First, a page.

To start, Codefresh, which offers a Kubernetes-based continuous deployment and continuous integration (CI/CD) platform, is focusing on providing observability and metrics with the launch of a detailed view that lets you see everything related to a release, with controls over rollbacks and larger aggregate views to see what’s happening across multiple applications.
The working group, which was formed by Amazon, Codefresh, GitHub, Microsoft, and Weaveworks, will live under the auspices of the Cloud Native Computing Foundation (CNCF), where it will work to “provide companies and individuals with the skills, knowledge and competency to implement GitOps tooling and methodologies which simplify the operation and management of infrastructure and cloud native applications.” Currently, the group lays out five basic principles of GitOps, which are declarative configuration, version control and immutable storage, automated delivery, software agents, and a closed-loop. The group will be working towards education initiatives and certification programs, but first, it plans on creating a “GitOps Manifesto” to further expand upon these basic principles, which it says it aims to have by March 2021.
Dan Garfield, chief technology evangelist at Codefresh, explained that he sees GitOps 2.0 as upstream to the GitOps Working Group, a sandbox of sorts where Codefresh can move more aggressively and attempt to fix what it sees as the limitations of current GitOps tooling, while the Working Group will be home to more tried and true, agreed-upon methods and ideas.
“The first one that we picked was visibility, traceability, observability. If you have 500 microservices, even if you’re using GitOps, it very quickly becomes difficult to understand what’s happening on a macro level. There is a big piece of worry that stops people from adopting it at that scale, because if they can’t tell what’s going on, their deployments start to feel like a black box. If something goes wrong, you’re lost,” said Garfield, “So, what we’re really trying to do with GitOps 2.0 is bring to bear all the information that we can to make sense of the GitOps experience.”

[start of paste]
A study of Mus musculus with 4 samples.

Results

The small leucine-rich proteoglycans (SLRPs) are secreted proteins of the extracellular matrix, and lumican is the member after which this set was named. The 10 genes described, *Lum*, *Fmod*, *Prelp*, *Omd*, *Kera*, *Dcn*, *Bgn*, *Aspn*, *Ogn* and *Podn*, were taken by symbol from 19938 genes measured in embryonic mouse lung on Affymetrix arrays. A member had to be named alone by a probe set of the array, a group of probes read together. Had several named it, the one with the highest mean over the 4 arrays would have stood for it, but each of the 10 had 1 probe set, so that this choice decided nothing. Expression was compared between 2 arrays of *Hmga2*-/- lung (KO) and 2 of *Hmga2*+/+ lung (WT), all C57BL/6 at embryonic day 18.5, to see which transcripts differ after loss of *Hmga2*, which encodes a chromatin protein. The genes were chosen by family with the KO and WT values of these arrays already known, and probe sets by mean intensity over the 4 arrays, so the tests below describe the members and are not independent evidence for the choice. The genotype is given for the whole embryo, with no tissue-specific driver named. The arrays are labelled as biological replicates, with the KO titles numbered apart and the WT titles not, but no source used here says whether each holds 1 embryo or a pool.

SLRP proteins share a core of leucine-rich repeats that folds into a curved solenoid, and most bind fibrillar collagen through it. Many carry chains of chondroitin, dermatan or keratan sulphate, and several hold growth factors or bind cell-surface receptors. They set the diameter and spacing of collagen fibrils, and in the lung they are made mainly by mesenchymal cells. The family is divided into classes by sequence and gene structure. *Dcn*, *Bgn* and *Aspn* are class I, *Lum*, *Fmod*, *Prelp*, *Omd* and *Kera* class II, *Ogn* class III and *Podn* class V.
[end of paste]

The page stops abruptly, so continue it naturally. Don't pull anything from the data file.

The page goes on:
Garfield further explained the relationship between the initiatives as one of GitOps 2.0 looking toward these problems, while the GitOps Working Group brings together different players and vendors to agree upon a common foundation.
“GitOps 2.0 is a standard that Codefresh is putting out there, and the GitOps Working Group is a cross-collaboration between companies. We imagined that there’s going to be collaboration on GitOps 2.0 as well, but right now, we’ve kind of come out and said we think that there needs to be these pieces around observability. In order for this to scale, and there’s a number of scale things that we think need to be completed in order for GitOps 2.0 to really be robust enough to come downstream,” said Garfield, “Those are things that are part of GitOp’s journey in general. If we can’t scale it, if we can’t handle 5,000 microservices, then the standard would be dead.”
The second piece that Codefresh is looking to with GitOps 2.0, explained Garfield, is further handling scale in deployment.
“There has to be some sort of logical layer where, if I’m trying to roll out software at scale to hundreds of different locations and geographies, I need a way to decide how those rollouts are going to occur,” said Garfield. “The way that GitOps works today is you have one repo for each environment you want to deploy to, so if I have 500, does that mean I have to have 500 git repos that represent the state of all my deployments? Can I have a mono repo that has each of them defined separately? Or can I define it once and then define how the state should be applied across the board?”
This logic piece was being built using Argo CD, said Garfield, and will initially provide different deployment steps for pipelines that can trigger git synchronization based on pipeline logic, allowing “more advanced flows such as deploy, open PRs onto other infrastructure repos, or rollouts across different clusters and segments as well as automated testing of deployed versions with rollbacks,” according to a statement.
Looking ahead, Garfield said that he expects the introduction of GitOps 2.0 tooling to allow customers to handle a much greater scale than so far possible, but also to potentially move on to entirely different realms.
“We always let our customers guide us. We are working to actually expose these GitOps principles to things like serverless. Codefresh is a cloud native focused platform, not just a Kubernetes focused platform, and so a lot of our customers are also using serverless, so we think there’s an opportunity for us to bring the Git ops principles and flows to that standard,” said Garfield. “We think there’s, beyond potentially even Kubernetes and serverless, yet unexplored venues that could benefit from GitOps.”
Feature image by David Clode on Unsplash.